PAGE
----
Listen to the wisdom of your body. Maintain the rhythm and form – the grace, precision, and coordination – of each movement, but pace the speed and size of the movements and breath to your own needs. Travel the wave of Energy with the group.
To enjoy Kai Chi Do (and that’s the whole point, isn’t it?) you have to do it at your own pace. Give up those competitive drives for an hour and just listen to the wisdom of your body.
When you listen to music you want the sound loud enough that you can hear it, but not so loud that it hurts your ears. It’s the same with the movements of Kai Chi Do – Set your pace so that you can feel the tune of your body – the pump and pulse of energy – but not so intense that it’s painful.
Here’s a few tips for finding a pace that feels great to you:
- Don’t try to keep up with Charles (or anybody else). Okay – face it – Charles does Kai Chi Do at least 6 days a week and he’s always been a hound for exercise. Athletes half his age struggle to keep up (he was born in 1956, if you were wondering). Watch him for rhythm and form, but find the intensity that’s right for you.
- Smaller and slower. The faster and bigger you make the movements, the more intense the experience will be. So if you need to pace it down and lower the “volume”, make the same movements as the leader, but do them smaller or slower. To make smaller movements, keep your elbows slightly bent, and close to your sides. Keep the rhythm but go at half pace. You can also make the pumping of your legs shallow rather than deep, or even keep your knees straight. Regulate and vary the pace by going bigger and faster, or slower and smaller, as you need, throughout the different Elements of a Kai Chi Do session (Haven’t we all had days where we were praying for Fire to end so we could relax into Water?). Stay with the process from beginning to end, just do it at a pace that feels good.
- Flexibility, not strength. If you want to take your Kai Chi Do up a notch, shoot for flexibility, not strength. Focus on gradually increasing the range of motion of each movement, rather than worrying about your stamina or muscle strength. There’s enough reps (repetitions of each movement) for strength to build on its own.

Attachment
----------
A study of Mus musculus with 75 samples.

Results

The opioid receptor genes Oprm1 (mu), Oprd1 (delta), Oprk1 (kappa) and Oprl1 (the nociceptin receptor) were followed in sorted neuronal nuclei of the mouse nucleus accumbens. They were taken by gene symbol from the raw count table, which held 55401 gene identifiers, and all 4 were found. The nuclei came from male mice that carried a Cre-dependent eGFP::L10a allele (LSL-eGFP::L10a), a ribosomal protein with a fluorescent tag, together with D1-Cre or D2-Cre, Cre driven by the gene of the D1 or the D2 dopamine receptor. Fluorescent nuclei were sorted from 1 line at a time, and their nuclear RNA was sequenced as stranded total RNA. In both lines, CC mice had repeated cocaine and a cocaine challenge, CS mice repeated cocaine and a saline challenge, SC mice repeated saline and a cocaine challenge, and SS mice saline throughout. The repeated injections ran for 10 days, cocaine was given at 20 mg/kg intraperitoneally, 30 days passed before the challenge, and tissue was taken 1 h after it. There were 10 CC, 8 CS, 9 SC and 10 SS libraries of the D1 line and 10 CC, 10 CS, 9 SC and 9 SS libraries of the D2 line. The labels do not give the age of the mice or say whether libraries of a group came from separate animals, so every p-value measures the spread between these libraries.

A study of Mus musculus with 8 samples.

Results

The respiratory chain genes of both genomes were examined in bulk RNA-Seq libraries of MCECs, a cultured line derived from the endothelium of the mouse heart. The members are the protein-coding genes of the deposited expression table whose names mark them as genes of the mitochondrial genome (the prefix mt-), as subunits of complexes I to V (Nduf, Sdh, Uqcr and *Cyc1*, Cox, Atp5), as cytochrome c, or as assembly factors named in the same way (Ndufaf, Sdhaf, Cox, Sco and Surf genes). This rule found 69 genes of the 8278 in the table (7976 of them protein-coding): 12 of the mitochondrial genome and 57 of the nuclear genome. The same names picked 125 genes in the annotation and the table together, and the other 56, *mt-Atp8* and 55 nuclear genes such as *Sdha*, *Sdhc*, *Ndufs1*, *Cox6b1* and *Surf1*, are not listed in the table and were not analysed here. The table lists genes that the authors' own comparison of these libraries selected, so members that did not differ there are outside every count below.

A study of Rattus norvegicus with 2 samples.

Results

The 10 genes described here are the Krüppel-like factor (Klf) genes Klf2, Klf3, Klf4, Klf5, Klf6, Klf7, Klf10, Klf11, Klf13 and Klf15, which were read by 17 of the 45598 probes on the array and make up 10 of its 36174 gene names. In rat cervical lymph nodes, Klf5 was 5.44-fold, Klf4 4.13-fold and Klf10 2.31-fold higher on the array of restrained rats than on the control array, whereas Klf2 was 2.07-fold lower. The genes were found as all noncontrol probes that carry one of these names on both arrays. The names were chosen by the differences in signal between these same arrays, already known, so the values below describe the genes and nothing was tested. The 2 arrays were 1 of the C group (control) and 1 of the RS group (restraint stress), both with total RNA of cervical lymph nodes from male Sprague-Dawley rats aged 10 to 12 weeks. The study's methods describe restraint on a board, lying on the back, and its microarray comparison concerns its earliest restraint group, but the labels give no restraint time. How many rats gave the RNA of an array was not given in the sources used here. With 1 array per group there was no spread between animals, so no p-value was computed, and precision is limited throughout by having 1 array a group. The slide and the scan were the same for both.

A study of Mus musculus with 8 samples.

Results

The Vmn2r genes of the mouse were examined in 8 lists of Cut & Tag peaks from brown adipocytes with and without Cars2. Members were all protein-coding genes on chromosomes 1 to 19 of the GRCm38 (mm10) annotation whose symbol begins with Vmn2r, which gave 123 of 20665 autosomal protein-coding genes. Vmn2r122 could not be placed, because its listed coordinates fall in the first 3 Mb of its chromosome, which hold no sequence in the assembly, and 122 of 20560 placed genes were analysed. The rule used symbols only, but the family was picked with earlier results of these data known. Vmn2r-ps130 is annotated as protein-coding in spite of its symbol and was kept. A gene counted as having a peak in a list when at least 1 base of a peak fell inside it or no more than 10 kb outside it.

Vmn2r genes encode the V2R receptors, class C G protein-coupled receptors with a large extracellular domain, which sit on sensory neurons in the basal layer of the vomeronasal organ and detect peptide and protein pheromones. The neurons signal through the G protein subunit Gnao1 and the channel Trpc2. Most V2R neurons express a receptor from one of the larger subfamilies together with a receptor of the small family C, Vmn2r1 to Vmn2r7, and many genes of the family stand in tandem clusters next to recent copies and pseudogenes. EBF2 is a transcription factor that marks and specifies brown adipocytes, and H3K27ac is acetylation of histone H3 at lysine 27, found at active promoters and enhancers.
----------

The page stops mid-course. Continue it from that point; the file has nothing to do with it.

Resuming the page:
- Form and focus, not force. Rather than trying to force your body to do more than what feels good, focus your attention on improving the form – the grace, precision, and coordination – of each movement. Graceful is smooth – Make movements flow like you are a dancer. Precision is about keeping control of your muscles – No floppy doing-it-like-you’re-sleeping Kai Chi Do – Keep your muscles awake and stay fully in charge of them. If you’re doing a Thrust, snap it at the end. If you’re doing Chi Circles, integrate the top and the bottom so they are in the same vertical plane. Be aware of the shape of your hands and fingers. Coordinate what your hands and your legs are doing, the actions of your left and right hand. (Coordination exercises your brain).
- Let the group carry you. The momentum of the group will carry you along and help you to go further than you thought you could go. Let yourself stretch just a little – Keep the “music” of the movements loud enough that you can hear them – and then feel your connection to the group. Go with them, and relax into it, as they travel the wave of energy.